There has been a shortage of it on French supermarket shelves, while its price in countries from the US to Australia has been climbing for much of the year. But is now the time for butter lovers to breathe a sigh of relief?
By: Emiko Terazono
Source: THE FINANCIAL TIMES
There are encouraging signs. After touching a peak of almost €7,000 a tonne in September, butter futures traded on Germany’s EEX have lost about a quarter of their value. Analysts cite a simple commodities adage for the drop: “The cure for high prices is high prices.”
“What we’re seeing is high prices choking off demand,” says Kevin Bellamy, global dairy strategist at Rabobank, a Dutch lender with a large agricultural business. Consumers have begun to look for alternatives and food companies are reformulating their recipes, he adds.
In most markets the price increases have been passed on to consumers. In the UK for example, September’s butter Retail Price Index showed one of the highest monthly increases in recent years, rising 6.5 per cent from the previous month and up by a fifth from a year ago.
The origins of the supply squeeze that sent butter prices from €4,450 a tonne at the start of the year to its September peak reflects the worldwide dairy glut of 2014 to 2015. The fall in prices that followed forced dairy farmers to cull their herds last year, while others went out of business.
Milk production in the world’s big exporters started falling in early 2016 and only recovered in the second quarter of this year.
While butter’s slide from its recent record has been sharp, commodities analysts say the supply-demand dynamic for the soft commodity will ultimately keep a floor under prices.
China has started to import again after their inventories dwindled, while India has also been an active buyer of international supplies, says Chris Gooderham, dairy analyst at the Agriculture and Horticulture Development Board, which is funded by farmers and growers.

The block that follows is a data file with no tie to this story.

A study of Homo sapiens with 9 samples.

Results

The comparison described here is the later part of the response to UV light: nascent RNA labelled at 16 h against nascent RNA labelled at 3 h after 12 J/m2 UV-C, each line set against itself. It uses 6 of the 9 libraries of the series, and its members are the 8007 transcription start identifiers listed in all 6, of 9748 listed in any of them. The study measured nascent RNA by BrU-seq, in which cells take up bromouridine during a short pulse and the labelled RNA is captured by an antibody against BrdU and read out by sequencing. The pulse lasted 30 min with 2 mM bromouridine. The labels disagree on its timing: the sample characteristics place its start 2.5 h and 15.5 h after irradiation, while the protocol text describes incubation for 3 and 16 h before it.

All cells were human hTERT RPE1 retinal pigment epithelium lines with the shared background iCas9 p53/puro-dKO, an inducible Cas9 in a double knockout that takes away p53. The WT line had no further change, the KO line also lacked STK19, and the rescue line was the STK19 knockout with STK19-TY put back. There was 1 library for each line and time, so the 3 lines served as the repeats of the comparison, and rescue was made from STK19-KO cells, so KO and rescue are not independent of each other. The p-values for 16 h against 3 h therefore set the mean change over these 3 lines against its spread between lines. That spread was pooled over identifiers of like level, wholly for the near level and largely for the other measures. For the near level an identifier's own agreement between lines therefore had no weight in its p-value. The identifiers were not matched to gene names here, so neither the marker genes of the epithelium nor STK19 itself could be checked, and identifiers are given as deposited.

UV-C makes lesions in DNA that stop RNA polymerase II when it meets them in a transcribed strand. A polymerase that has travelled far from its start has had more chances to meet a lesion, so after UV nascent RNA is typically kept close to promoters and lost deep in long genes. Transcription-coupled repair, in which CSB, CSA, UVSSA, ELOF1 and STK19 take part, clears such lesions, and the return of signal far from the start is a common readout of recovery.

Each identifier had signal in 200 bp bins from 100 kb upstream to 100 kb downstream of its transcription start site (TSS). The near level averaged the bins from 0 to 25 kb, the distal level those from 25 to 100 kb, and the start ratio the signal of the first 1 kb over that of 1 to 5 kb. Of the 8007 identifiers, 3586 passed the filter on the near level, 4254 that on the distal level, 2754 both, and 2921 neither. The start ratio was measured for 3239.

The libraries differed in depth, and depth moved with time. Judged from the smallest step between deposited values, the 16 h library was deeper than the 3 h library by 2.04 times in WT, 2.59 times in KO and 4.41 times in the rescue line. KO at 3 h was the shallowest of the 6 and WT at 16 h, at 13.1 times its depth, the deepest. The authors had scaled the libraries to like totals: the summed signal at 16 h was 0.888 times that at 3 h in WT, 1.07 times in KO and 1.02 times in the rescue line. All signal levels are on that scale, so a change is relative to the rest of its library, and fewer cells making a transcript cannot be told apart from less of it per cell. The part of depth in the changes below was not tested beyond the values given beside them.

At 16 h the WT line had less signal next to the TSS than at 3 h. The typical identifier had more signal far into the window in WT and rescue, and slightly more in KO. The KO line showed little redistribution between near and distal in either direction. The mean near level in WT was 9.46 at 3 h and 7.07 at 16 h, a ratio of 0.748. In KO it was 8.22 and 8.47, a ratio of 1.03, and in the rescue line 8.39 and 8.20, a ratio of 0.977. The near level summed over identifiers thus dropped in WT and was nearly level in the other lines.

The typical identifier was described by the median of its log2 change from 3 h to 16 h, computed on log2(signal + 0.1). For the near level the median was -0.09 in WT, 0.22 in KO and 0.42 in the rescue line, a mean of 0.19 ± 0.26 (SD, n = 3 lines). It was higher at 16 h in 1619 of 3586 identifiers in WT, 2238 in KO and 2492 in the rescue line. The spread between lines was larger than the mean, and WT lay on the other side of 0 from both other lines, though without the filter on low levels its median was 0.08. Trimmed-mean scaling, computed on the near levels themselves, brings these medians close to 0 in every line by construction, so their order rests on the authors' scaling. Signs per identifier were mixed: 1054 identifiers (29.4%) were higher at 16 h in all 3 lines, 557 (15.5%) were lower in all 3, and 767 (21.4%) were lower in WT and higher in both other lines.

It comes as the recovery in the herd levels in the EU has been slow in the region’s leading dairy producers, including Germany and France, while the number of dairy cows in the Netherlands has been curtailed by environmental regulations.
“The response [to high prices] from the supply end has been a little bit muted,” says Mr Gooderham.
Rising demand for cheese is also proving helpful for butter prices. Dairy companies have the choice of turning milk into butter and skimmed milk powder, cheese or whole milk powder. A worldwide glut in skimmed milk powder, which is produced alongside butter, means that returns on cheese for farmers has been higher than those from the combination of butter and skimmed milk powder.
This has helped lead to “low or non-existent butter stocks” according to Arla, the dairy company behind butter brands Anchor and Lurpak. Few expect this dynamic to change soon.
There is a “lack of incentive to move milk out of cheese vats,” says Rabobank, which predicts butter prices of $6,000 a tonne this quarter and $5,800 a tonne in the first quarter of next year.
Then there’s the outlook for demand. Although rising butter prices have restrained demand, there are still plenty of tailwinds for consumption. Demand for butter has risen after the link between butter and cardiovascular disease was questioned. Publicity over the potential adverse health effects of some vegetable oil-based spreads has also prompted a switch back to butter. In the US, for example, butter consumption per person has grown 16 per cent since 2010, according to USDA data.
“There has been a shift back to ‘natural’ products,” says Mr Bellamy of Rabobank.
Any sigh of relief that prices are now on a sustained downward trend is likely to prove premature.